ORLANDO – Between drama off the field and defections on the field, some fans may feel like the sky is falling.
But head coach Ron Rivera, a constant in a sea of change, sees the sky as the limit.
"I'm in a great spot right now with the team that we have, the organization that we have," Rivera said. "Yeah, there's a little bit of flux right now, but the things that are in place – the infrastructure – it's ideal, and we're trending up.
"We've got players that we like and a terrific coaching staff. Working with (general manager) Marty (Hurney) again has been terrific, and the people around him are outstanding. What's not to love?"
The Panthers are undergoing an ownership change, all three of Rivera's coordinators are preparing for their first season, and free agency brought significant losses on both sides of the line of scrimmage with left guard Andrew Norwell and defensive tackle Star Lotulelei finding new homes.
But Rivera used a question from the media gathered at the NFL Annual Meeting about Cam Newton and whether 2018 is a "pivotal year" for the franchise quarterback to remind folks of Carolina's enviable starting point come the fall.
"I wouldn't say pivotal. As young as he still is, he's been rookie of the year, player of the year, has been to the Super Bowl, and now he's been in the playoffs four out of five years," Rivera said. "I don't think he's wasting away, don't think he's missing his opportunity. I think he's right at the beginning of it.
"We're talking about a team that's trending up and that I'd like to believe can continue to trend up. We had a good year last year (11-5 record), and I'd like to think we can continue that."
The reality is that things are always changing in the NFL, and the challenge for winning teams is to stay the same in that regard through the inevitable shifts. Rivera chose to move on from offensive coordinator Mike Shula in favor of Norv Turner this offseason; and former defensive coordinator Steve Wilks took the Cardinals head coaching job, opening the door for defensive line coach Eric Washington to take over. The Panthers also chose to not renew the contract of special teams coordinator Thomas McGaughey, handing the role to assistant and former player Chase Blackburn.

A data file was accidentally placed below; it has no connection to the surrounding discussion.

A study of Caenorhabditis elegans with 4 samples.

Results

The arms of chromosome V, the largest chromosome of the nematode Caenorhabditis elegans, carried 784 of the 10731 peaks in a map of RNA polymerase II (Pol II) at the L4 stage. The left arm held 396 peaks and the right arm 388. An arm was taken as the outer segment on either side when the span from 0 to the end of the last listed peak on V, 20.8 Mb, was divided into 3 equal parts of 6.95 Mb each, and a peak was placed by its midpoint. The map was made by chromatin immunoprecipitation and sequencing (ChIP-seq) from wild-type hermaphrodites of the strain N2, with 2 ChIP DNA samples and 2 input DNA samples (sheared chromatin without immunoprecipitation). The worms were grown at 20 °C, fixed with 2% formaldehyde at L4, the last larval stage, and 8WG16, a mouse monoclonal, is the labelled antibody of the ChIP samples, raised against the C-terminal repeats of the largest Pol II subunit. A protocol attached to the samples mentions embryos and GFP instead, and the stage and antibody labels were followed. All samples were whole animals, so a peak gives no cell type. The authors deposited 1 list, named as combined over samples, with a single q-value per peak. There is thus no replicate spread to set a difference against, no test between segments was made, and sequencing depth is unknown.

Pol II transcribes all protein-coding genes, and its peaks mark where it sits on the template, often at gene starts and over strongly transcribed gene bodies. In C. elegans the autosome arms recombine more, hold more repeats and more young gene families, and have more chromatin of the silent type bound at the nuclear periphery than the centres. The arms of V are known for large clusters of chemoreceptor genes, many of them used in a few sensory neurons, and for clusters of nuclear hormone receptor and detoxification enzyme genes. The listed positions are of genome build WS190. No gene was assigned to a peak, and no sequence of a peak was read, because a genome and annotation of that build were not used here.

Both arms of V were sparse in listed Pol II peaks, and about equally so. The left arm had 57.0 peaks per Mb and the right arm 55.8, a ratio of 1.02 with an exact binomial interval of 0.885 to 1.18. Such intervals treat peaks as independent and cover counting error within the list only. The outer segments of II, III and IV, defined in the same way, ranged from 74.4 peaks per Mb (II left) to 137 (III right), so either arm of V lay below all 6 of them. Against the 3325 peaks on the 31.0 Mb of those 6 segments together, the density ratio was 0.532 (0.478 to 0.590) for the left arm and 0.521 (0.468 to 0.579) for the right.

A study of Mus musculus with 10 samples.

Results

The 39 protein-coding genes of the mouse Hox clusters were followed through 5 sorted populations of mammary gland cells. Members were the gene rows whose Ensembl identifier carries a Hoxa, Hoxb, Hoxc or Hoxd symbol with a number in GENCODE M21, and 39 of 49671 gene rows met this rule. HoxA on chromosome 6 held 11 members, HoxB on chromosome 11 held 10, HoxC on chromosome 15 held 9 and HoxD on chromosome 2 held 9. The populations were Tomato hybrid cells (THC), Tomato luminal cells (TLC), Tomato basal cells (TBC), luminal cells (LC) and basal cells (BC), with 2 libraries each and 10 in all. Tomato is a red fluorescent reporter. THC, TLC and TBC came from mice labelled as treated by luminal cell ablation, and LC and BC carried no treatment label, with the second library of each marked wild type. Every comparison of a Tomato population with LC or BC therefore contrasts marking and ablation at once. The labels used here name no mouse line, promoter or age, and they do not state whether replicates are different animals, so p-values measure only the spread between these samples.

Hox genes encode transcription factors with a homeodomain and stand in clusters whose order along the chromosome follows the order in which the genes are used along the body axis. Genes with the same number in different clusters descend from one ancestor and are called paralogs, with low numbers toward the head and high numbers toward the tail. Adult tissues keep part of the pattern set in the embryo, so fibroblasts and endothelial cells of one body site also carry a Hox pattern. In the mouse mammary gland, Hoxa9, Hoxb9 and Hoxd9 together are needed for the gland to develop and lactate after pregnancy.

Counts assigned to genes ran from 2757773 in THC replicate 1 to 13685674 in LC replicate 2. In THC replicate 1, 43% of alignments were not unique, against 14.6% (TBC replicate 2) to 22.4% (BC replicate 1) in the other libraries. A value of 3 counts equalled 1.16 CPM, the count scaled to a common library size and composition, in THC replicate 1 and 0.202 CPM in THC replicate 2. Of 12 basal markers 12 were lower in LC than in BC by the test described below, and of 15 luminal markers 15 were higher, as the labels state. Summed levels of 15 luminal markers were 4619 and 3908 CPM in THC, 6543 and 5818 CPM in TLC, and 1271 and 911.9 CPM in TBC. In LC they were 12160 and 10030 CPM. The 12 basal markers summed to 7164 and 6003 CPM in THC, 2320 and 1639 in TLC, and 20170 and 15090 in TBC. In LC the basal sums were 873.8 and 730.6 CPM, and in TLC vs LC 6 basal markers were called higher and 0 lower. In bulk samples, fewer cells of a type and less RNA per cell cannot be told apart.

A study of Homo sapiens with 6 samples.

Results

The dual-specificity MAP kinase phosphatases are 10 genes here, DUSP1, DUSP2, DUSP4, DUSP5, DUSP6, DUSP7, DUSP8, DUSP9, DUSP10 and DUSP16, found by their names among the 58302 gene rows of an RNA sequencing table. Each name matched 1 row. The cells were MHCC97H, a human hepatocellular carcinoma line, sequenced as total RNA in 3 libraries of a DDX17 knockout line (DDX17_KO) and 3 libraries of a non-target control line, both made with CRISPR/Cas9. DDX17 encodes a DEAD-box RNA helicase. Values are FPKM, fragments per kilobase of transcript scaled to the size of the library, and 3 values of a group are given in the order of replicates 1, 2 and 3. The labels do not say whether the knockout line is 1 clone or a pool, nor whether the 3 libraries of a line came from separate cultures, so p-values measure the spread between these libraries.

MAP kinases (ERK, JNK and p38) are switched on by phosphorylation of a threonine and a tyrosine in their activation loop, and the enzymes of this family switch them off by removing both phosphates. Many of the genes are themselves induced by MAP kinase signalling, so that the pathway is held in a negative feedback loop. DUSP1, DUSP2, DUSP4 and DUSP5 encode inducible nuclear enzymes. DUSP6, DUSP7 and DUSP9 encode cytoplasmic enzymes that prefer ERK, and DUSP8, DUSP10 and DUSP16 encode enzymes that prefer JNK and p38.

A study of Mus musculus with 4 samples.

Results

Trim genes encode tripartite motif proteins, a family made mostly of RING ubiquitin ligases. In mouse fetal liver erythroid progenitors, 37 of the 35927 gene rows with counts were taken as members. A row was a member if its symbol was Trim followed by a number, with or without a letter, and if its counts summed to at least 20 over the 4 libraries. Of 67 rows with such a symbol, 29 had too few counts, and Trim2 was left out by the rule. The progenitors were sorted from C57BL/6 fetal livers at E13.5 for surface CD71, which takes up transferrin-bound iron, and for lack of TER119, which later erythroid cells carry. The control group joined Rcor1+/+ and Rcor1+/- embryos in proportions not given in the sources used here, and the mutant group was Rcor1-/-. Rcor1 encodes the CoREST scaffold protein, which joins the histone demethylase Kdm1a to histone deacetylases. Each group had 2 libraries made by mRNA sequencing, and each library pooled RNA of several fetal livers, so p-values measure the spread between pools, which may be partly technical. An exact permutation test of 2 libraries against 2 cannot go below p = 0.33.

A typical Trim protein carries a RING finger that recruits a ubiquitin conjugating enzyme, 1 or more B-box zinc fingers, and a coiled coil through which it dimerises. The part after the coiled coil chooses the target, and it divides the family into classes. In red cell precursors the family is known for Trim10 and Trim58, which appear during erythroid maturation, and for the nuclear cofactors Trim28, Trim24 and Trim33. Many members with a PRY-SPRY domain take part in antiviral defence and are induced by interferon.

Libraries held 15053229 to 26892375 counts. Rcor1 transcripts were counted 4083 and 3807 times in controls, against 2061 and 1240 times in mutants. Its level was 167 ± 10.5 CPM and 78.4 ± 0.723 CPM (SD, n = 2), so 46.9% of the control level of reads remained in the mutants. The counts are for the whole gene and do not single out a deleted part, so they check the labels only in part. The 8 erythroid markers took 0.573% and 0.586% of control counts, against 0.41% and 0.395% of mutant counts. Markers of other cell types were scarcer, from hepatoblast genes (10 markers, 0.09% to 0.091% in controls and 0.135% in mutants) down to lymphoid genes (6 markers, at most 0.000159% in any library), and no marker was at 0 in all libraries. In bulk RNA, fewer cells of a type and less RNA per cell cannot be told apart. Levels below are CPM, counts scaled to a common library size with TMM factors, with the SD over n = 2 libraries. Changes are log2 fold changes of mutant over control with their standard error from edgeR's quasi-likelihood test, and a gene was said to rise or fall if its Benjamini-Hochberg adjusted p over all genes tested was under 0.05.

That's a lot of change, a lot for the players to digest. Or, just maybe, it's just the right amount of change.
"I will say this: The thing that is going to help us is that when Chud (Rob Chudzinski) came with us (as offensive coordinator when Rivera came to Carolina in 2011), he basically took Norv's offense and put it in," Rivera said. "Chud put that in, then Mike (Shula) took it and ran with it. Now Norv has told me that there are a lot of similarities, and this transition he believes will be fairly seamless.
"On the defensive side, it's the same group of coaches, it's the same thing. Eric (Washington) has been a part of what we've done for the last seven seasons, and he's earned his opportunity now. He does want to put his own flair on it, as he and I have talked about, which is outstanding. On special teams, it's the same system we've had since Bruce DeHaven started with us (in 2013). They've kind of kept that in place, and Chase (Blackburn) played for Bruce.
"There are some new faces, but there aren't enough new faces to make it disruptive. There's enough familiarity and similarities for the players to keep running with it, so I don't expect us to struggle in terms of picking things up and developing. We should just be able to continue to go and trend up."
The new faces that will bring the most change wear helmets, and Rivera offered his thoughts on some of the free agents the Panthers have added the last couple of weeks.
On the addition of wide receiver Torrey Smith via trade: "I think bringing Torrey in is huge. We saw that last year when we didn't have Curtis (Samuel) and didn't have Damiere (Byrd) on the field, we didn't have speed. It changes the way people approach you. I think now adding a guy who can run with those two young men, that could be very dynamic for us on the offensive side."
On bringing in cornerback Ross Cockrell and safety Da'Norris Searcy after losing corner Daryl Worley via the Smith trade and releasing safety Kurt Coleman: "They've both started in this league, both have been very productive in this league.
"With Ross, it's about the experience, which we kind of lacked at the corner position the last couple of years obviously. We just needed to have a much more veteran guy in there.
"Searcy is a guy who could help solidify the secondary for us. They both have skill sets that we like. We look for ball skills, guys that can track the ball and go up and make a play on it. You also look for a guy who is a downhill player who is also a very secure, last-of-the-line tackler. He fit the bill for all of those for us."
On defensive tackle Dontari Poe: "Dontari is a very similar player to Star, but I think he's a little bit more of a pass rusher as opposed to what Star was. They're both very talented players, but I think our group can get better (with Poe)."